Standard Guide for Calculating In Situ Equivalent Elastic Moduli of Pavement Materials Using Layered Elastic Theory
|Publication Date:||10 February 1996|
|ICS Code (Road construction materials):||93.080.20|
This guide covers the concepts for calculating the in situ equivalent layer elastic moduli can be used for pavement evaluation, rehabilitation, and overlay design. The resulting equivalent elastic moduli calculated from the deflection data are method-dependent and represent the stiffnesses of the layers under a specific nondestructive deflection testing (NDT) device at that particular test load and frequency, temperature, and other environmental and site-specific conditions. Adjustments for design load, reference temperature, and other designrelated factors are not covered in this guide. The intent of this guide is not to recommend one specific method, but to outline the general approach for estimating the in situ elastic moduli of pavement layers.
This guide is applicable to flexible pavements and in some cases, rigid pavements (that is, interior slab loading), but is restricted to the use of layered elastic theory2 as the analysis method. It should be noted that the various available layered elastic computer modeling techniques use different assumptions and algorithms and that results may vary significantly. Other analysis procedures, such as finite element modeling, may be used, but modifications to the procedure are required.
NOTE 1-If other analysis methods are desired, the report listed in Footnote 3 can provide some guidance.
The values stated in inch-pound units are to be regarded as standard. The values given in parentheses are mathematical conversions to SI units that are provided for information only and are not considered standard.
This standard does not purport to address all of the safety concerns, if any, associated with its use. It is the responsibility of the user of this standard to establish appropriate safety, health, and environmental practices and determine the applicability of regulatory limitations prior to use.3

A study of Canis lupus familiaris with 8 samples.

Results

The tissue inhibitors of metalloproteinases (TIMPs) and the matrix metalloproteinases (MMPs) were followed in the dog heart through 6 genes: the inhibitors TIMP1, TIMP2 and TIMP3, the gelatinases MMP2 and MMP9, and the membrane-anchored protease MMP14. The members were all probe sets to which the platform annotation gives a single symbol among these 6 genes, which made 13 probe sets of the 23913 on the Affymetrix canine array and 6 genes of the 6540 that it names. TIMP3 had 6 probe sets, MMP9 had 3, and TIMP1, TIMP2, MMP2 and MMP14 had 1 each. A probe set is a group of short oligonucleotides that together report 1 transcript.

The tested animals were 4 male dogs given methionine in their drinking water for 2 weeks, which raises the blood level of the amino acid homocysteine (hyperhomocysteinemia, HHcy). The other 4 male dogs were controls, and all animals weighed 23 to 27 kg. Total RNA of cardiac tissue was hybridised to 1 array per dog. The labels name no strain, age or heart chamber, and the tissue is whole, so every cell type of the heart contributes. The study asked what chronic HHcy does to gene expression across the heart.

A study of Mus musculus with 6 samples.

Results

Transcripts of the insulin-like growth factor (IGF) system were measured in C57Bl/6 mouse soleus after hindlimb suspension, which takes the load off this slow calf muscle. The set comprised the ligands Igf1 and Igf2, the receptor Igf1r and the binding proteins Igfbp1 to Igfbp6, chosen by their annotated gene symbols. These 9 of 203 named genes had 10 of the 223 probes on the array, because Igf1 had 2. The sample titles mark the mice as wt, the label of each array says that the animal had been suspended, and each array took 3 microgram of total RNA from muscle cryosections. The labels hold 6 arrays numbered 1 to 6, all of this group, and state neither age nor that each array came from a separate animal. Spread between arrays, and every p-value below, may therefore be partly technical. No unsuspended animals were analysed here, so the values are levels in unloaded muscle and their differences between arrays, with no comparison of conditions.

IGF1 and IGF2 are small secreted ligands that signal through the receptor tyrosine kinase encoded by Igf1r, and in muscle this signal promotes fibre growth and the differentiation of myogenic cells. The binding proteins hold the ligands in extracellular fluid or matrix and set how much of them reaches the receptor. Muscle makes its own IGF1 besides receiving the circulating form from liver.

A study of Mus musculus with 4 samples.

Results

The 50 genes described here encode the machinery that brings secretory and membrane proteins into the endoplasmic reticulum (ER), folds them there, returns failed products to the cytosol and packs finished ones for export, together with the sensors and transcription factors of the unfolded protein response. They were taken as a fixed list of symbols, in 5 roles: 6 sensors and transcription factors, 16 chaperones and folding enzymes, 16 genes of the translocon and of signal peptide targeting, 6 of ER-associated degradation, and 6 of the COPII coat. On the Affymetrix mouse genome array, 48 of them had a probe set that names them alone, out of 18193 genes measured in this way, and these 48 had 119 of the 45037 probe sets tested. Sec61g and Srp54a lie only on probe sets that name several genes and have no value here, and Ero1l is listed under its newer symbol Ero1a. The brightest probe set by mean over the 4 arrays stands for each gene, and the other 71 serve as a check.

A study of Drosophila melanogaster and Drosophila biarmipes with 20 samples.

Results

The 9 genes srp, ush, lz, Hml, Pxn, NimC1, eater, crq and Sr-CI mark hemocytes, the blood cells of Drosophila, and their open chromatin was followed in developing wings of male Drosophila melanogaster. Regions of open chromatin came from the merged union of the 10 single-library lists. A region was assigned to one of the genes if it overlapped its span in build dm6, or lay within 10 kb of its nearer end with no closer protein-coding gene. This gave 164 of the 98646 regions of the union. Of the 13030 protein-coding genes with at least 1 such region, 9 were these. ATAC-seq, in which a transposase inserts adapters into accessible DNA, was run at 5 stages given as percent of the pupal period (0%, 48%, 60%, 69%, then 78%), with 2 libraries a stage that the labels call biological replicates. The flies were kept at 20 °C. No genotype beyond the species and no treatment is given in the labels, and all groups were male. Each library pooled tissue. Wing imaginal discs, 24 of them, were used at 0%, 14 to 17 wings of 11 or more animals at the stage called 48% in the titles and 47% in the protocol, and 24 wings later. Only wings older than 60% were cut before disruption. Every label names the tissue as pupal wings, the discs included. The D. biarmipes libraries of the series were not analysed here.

This guide offers an organized collection of information or a series of options and does not recommend a specific course of action. This document cannot replace education or experience and should be used in conjunction with professional judgment. Not all aspects of this guide may be applicable in all circumstances. This ASTM standard is not intended to represent or replace the standard of care by which the adequacy of a given professional service must be judged, nor should this document be applied without consideration of a project's many unique aspects. The word "Standard" in the title of this document means only that the document has been approved through the ASTM consensus process.
This international standard was developed in accordance with internationally recognized principles on standardization established in the Decision on Principles for the Development of International Standards, Guides and Recommendations issued by the World Trade Organization Technical Barriers to Trade (TBT) Committee.
2 The concepts of elastic layer theory are discussed in Chapter 2 of Principles of Pavement Design, by E. J. Yoder and M. W. Witczak, published by John Wiley and Sons, Inc., 1975.
3 Corrections or adjustments and a complete discussion of the use of each of these analysis methods with different NDT devices may be found in: Lytton, R. L., Germann, F. P., Chou, Y. J., and Stoffels, S. M., "Determining Asphalt Concrete Pavement Structural Properties by Nondestructive Testing," NCHRP Report No. 327, National Cooperative Highway Research Program, 1990.